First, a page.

Over the past 12 months I have heard about several directors who have been made redundant when committees of management/boards restructure their services. Job descriptions for the director/nominated supervisor change to include things like MYOB, Excel, accounting experience – things we were not trained for but have usually acquired a basic knowledge of. Often these redundancies are not about restructuring at all. They are about replacing experienced staff with ‘cheaper’ staff in order to reduce fees.
They may be about philosophical differences, personality differences or over zealous committees taking too much control and making short term decisions without looking at the bigger picture. Whatever the reason many of us are starting to feel unsure of our futures and many early childhood teachers are making the decision to leave the sector before this can happen to them.
How can we protect ourselves? Make sure you are a paid up member of the IEU. They will assist you in these matters and make sure you receive all your entitlements and redundancy pay and also assist you in unfair dismissal claims. Keep detailed notes and don’t meet with committee members to discuss these issues without support.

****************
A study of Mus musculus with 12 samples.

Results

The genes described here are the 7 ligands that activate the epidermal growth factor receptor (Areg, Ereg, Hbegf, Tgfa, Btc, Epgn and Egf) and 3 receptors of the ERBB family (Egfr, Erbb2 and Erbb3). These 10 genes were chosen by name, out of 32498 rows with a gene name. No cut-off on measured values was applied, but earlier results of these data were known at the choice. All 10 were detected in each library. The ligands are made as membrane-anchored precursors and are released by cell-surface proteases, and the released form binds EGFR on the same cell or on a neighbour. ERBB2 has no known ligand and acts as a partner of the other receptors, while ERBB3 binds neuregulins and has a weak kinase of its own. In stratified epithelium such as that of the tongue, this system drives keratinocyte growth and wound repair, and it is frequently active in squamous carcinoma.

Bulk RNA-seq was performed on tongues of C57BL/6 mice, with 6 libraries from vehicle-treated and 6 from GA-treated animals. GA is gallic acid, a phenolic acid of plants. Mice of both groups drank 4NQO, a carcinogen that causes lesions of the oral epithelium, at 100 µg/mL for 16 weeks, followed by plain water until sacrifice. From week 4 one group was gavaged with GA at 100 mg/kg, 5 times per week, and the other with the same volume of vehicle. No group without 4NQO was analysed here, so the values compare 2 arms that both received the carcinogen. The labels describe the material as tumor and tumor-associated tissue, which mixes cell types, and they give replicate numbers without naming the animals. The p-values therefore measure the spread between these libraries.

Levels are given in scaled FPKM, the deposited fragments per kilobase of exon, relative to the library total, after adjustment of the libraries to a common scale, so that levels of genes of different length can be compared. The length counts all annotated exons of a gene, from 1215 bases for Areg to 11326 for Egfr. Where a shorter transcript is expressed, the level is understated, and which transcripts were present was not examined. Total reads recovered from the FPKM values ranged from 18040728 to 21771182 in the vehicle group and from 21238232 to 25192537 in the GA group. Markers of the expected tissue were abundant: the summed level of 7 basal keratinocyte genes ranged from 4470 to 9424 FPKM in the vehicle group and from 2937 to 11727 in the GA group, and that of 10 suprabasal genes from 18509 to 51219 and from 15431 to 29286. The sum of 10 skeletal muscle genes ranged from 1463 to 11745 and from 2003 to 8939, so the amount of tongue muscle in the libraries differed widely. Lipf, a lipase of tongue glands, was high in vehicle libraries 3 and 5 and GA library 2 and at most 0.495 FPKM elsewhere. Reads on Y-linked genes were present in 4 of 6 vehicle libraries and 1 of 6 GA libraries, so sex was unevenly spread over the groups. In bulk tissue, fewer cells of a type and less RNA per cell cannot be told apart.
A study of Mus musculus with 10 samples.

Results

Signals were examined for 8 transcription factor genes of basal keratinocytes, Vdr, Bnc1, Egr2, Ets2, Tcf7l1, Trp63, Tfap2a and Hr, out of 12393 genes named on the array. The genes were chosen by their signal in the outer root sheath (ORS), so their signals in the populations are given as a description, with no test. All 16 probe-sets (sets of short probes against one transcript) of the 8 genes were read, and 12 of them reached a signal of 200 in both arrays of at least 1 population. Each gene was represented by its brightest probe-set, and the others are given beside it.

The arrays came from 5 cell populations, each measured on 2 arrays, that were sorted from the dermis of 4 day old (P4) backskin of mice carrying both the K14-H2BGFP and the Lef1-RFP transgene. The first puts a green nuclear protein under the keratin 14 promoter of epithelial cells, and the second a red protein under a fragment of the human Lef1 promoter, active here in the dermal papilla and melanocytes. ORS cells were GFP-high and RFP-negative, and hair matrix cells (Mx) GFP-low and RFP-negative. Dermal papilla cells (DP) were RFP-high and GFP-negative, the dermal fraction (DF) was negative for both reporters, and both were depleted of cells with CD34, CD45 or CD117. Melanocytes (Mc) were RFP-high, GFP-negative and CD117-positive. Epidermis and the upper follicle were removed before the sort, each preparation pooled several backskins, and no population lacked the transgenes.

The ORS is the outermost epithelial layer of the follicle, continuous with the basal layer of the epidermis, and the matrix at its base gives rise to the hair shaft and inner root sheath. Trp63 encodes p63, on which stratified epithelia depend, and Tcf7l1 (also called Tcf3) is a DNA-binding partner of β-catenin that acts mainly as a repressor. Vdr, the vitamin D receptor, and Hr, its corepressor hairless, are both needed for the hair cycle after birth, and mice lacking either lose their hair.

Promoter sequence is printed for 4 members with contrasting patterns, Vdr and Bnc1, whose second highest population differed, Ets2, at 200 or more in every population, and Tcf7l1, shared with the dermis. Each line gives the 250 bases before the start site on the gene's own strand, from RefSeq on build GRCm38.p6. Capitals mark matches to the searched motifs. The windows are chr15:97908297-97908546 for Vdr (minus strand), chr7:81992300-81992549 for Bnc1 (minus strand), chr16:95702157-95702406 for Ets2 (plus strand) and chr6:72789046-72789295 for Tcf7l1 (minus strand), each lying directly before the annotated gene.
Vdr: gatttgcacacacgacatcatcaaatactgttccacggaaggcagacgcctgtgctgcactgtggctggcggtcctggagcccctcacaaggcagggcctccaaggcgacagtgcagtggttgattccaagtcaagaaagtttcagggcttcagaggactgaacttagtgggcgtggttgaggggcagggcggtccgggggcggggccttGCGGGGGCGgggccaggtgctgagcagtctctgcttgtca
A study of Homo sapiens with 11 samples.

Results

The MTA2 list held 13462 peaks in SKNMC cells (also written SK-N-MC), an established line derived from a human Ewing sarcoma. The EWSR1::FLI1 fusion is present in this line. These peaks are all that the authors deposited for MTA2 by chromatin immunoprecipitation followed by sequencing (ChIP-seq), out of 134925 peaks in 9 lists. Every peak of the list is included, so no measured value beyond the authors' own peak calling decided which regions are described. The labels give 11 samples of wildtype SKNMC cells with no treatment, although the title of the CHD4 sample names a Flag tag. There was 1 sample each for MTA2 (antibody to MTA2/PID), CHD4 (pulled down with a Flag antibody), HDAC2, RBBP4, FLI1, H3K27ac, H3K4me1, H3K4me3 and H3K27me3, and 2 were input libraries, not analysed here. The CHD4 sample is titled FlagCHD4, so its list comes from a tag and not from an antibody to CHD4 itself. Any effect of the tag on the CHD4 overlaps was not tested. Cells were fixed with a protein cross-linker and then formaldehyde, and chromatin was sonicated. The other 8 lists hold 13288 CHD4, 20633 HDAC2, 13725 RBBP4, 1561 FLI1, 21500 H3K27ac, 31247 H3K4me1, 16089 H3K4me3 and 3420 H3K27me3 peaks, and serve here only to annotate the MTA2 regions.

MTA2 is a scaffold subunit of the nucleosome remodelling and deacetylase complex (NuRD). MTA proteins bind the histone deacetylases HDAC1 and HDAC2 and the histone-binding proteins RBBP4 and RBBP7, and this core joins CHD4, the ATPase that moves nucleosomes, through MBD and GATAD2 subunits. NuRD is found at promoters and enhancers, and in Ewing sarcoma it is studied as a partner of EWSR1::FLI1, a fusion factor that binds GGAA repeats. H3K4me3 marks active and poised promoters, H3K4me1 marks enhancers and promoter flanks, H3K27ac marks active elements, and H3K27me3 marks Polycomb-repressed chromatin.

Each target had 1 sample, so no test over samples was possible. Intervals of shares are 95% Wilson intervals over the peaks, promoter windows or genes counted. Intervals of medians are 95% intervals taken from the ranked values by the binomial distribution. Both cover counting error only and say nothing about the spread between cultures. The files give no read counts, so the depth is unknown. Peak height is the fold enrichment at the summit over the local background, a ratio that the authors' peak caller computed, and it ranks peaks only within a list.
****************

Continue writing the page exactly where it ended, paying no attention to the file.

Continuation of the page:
The community based model for services can be fraught with difficulties. In most cases you only have committee members for a short period of time and they come with the best intention but have little knowledge of legislatory requirements or the National Quality Framework. Sometimes long term goals are lost in the here and now while committees try to maintain the viability of a service and do what is best for themselves.
The same can happen in private services when owner/operators are looking for bigger profit margins.
I see hugely experienced teachers and directors being lost to the sector because of this. I see teachers in fear of losing their jobs at a time in their life when they really need them. I see teachers suffering huge stress. I see teachers too scared to ask for pay increases when negotiating their enterprise agreements and accepting lower wages and poorer conditions.
This is why union membership is so important. Encourage your colleagues to join – the more members in a service the more bargaining power you have. When things are good teachers often wonder why they need to be a member of the union – it’s too late to join when things go wrong.